Feed-in Tariff appeal could clear the way for solar industry damages claims

Government ministers have been warned they have passed the point of no return with their appeal bid to the Supreme Court as last week’s ruling has wider implications for other Whitehall departments.

The Department for Energy and Climate Change (DECC) has found itself compelled to challenge the decision of three Appeal Court judges who upheld an original High Court ruling that its rushed cuts to the Feed-in Tariff (FiT) were unlawful.

However, an unsuccessful final appeal could clear the way for the UK’s solar industry to argue for damages and loss of earning with a claim of tort that secretary of state Chris Huhne failed in his duty of care.

One senior lawyer said: “It is usual to sue another party under contract law but there is no contract here, only a legislative subsidy. However, it may be possible to bring a successful court action against DECC for damages with a claim of tort.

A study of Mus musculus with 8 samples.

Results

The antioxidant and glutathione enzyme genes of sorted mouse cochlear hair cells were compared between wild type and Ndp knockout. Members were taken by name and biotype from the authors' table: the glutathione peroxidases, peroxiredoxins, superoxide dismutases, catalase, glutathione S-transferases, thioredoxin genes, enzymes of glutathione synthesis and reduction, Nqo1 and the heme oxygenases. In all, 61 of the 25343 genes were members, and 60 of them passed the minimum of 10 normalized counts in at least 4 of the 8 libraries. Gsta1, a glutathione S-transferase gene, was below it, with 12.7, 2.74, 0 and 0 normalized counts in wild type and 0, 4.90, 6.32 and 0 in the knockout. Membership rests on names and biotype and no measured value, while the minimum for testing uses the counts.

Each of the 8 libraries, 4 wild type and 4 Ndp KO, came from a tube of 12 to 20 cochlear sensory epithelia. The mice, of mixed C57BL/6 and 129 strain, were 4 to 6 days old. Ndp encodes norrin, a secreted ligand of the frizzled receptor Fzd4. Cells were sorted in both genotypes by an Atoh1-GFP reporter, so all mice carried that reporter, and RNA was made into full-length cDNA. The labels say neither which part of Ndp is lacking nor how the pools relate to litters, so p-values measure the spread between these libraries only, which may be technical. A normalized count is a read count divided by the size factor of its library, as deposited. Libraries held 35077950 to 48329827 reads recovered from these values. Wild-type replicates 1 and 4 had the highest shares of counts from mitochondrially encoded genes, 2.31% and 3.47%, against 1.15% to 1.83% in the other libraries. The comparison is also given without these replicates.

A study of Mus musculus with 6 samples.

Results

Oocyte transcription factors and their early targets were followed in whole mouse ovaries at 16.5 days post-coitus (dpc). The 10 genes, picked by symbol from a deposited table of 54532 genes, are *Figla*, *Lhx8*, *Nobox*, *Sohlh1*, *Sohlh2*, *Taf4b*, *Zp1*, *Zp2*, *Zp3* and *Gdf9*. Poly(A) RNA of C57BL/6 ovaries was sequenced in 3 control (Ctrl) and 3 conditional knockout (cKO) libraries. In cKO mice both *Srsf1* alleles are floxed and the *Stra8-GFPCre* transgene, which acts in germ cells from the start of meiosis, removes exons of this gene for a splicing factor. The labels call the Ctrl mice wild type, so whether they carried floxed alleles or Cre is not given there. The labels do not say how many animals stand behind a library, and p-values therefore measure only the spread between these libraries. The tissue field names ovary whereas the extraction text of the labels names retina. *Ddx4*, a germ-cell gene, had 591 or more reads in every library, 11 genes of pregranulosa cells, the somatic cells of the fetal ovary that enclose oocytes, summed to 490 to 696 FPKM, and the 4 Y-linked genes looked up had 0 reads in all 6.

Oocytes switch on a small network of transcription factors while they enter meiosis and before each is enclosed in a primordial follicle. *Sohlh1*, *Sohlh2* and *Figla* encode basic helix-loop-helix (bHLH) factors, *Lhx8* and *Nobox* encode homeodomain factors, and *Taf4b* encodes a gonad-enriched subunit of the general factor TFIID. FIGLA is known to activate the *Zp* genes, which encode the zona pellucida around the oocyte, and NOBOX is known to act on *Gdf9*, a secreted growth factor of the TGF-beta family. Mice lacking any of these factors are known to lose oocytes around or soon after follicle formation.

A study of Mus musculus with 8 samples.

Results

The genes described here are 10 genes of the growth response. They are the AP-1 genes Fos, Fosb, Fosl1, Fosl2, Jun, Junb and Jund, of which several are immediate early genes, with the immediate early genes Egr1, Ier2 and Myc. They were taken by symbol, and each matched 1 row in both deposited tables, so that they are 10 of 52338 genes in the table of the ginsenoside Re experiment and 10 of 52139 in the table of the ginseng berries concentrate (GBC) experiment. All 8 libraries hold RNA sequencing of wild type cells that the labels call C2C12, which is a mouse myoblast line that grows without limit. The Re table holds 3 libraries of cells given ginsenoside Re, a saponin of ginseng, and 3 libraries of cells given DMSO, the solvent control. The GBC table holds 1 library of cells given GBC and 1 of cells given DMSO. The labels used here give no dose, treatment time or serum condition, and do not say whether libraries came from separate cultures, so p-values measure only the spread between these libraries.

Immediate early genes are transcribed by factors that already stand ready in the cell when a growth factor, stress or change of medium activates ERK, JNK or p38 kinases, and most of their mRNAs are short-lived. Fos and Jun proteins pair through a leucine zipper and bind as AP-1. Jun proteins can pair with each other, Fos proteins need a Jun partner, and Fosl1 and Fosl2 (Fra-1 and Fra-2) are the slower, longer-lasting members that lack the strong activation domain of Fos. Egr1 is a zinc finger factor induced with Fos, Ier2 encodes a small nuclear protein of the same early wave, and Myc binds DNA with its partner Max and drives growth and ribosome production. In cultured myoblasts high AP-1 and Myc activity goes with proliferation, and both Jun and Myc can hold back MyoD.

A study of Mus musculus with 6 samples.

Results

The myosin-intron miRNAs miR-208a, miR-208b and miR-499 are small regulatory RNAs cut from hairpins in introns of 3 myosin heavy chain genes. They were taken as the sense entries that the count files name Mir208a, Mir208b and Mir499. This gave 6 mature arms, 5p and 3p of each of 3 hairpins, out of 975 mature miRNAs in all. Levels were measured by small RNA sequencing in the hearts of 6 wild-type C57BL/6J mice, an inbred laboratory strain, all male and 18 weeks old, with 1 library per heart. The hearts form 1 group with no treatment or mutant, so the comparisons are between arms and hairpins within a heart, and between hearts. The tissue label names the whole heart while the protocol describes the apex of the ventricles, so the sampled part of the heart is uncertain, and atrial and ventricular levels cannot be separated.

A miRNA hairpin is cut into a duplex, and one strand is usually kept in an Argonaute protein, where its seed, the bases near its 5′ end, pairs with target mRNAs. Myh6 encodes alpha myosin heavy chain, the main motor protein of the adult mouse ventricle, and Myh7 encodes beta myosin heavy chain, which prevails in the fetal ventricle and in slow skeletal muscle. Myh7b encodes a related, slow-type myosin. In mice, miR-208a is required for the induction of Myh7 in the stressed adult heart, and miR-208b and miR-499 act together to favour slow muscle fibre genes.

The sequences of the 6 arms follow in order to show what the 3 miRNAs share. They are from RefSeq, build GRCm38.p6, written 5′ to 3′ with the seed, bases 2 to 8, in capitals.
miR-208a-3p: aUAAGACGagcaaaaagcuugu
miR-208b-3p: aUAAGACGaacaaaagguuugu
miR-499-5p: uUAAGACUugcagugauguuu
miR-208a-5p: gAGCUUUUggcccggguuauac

“A stampede to the courts may not be in the industry’s best interests currently as it may nudge the
Supreme Court towards allowing the appeal if they believe the Government is facing the prospect of a huge raft of damages claims.”

Many in the sector had criticised DECC’s decision to apply direct to the Supreme Court after its legal team were denied leave to appeal on Wednesday. Some suggested it was a political stunt to kick the issue into the long grass, while the new contingency date of March 3 nears.

However, according to the lawyer, there is no going back for energy ministers as the Court of Appeal ruling touched on issues of constitutional law and may have laid down a precedent with far-reaching consequences for other departments.

The lawyer told GreenWeek the DECC legal team is well within its right to seek a Supreme Court appeal, and added: “The problem is the Court of Appeal judgement was based on a point of constitutional law. The appeal court judges may have laid down a precedent by ruling on whether the secretary of state acted within his powers – this has much wider implications for the government and decision-makers.”